Gold futures edge down 0.12% to $1,829 by 11:50 PM ET (3:50 AM GMT), after hitting its highest level since Jul. 15 on Thursday. The dollar, which usually moves inversely to gold, edged up on Friday but remained near the one-month low hit during the previous session. Investors continue to digest the Fed’s comment that the labor market still had “some ground to cover” before beginning asset tapering as it handed down its policy decision on Wednesday.

Thursday’s initial jobless claims data supported the Fed’s stance, as 400,000 claims were filed over the past week. The figure was higher than the 380,000 claims in forecasts prepared by Investing.com but lower than the 424,000 claims filed during the previous week.

Additional data released on Thursday said the U.S. GDP grew 6.5% quarter-on-quarter in the second quarter of 2021. Although solid, the growth was lower than both the 8.5% in forecasts prepared by Investing.com and the 6.3% growth recorded for the first quarter.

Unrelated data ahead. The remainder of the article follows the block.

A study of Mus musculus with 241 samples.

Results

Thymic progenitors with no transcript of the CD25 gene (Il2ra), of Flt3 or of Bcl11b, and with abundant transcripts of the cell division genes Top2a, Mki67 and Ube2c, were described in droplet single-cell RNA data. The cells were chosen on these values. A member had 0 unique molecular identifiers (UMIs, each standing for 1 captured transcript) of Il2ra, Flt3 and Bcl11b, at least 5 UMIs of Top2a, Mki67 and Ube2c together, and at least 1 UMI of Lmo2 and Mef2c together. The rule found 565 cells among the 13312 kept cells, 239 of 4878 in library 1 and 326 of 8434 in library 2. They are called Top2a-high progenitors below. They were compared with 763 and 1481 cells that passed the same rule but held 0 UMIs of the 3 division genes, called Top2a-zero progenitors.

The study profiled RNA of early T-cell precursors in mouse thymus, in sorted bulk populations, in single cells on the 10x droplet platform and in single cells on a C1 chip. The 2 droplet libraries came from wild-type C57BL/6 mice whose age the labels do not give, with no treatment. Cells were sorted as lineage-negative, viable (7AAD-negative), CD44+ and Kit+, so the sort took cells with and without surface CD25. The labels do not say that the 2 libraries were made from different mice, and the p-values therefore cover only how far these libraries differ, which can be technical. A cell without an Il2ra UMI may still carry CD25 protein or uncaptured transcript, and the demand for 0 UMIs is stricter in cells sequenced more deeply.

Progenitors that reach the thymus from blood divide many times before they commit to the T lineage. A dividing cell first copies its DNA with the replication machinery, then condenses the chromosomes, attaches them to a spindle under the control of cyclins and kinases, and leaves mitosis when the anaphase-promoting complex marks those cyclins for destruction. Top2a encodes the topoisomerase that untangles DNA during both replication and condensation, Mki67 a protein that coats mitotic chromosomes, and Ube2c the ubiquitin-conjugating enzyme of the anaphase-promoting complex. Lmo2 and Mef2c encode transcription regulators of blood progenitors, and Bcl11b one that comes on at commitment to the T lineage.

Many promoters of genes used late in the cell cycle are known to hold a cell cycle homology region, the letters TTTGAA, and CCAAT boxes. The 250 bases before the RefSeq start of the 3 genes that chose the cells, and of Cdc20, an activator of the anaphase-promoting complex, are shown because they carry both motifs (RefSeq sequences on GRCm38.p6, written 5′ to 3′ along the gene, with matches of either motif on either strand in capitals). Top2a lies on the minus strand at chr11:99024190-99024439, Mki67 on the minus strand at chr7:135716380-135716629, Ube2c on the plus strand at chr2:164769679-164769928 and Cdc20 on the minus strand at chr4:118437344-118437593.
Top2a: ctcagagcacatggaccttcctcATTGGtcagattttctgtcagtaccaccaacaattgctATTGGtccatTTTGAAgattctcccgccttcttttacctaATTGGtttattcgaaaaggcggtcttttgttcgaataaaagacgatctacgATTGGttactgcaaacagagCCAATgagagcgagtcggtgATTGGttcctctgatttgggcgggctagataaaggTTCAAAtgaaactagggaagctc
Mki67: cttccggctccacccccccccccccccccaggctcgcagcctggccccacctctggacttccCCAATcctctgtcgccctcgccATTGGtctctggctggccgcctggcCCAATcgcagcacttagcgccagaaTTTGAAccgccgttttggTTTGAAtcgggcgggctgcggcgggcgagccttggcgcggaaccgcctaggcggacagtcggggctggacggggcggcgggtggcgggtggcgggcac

In Asia Pacific, Japanese jobs data released earlier in the day said that the jobs/applications ratio for June was higher than expected at 1.13, while the unemployment rate was a lower-than-expected 2.9%. The country’s retail sales also plunged to 0.1% year-on-year in June.

Down Under, the Australian producer price index grew 2.2% year-on-year and 0.7% quarter-on-quarter in the second half of 2021.

Meanwhile, SPDR Gold Trust (P:GLD) holdings rose 0.6% to 1,031.46 tons on Thursday, marking the first inflow in about a month.

Thursday’s Reuters poll said prices are expected to average a little above their current level of $1,830 for the remainder of 2021. They will begin to edge lower in 2022 as the global economy recovers from COVID-19 and central banks begin to tighten monetary policy.

A separate poll said investors have revised their forecasts for palladium upwards, as a chronic shortage of the metal will keep prices close to record levels.

Palladium rose 0.4%, while silver was down 0.3% and platinum fell 0.7%.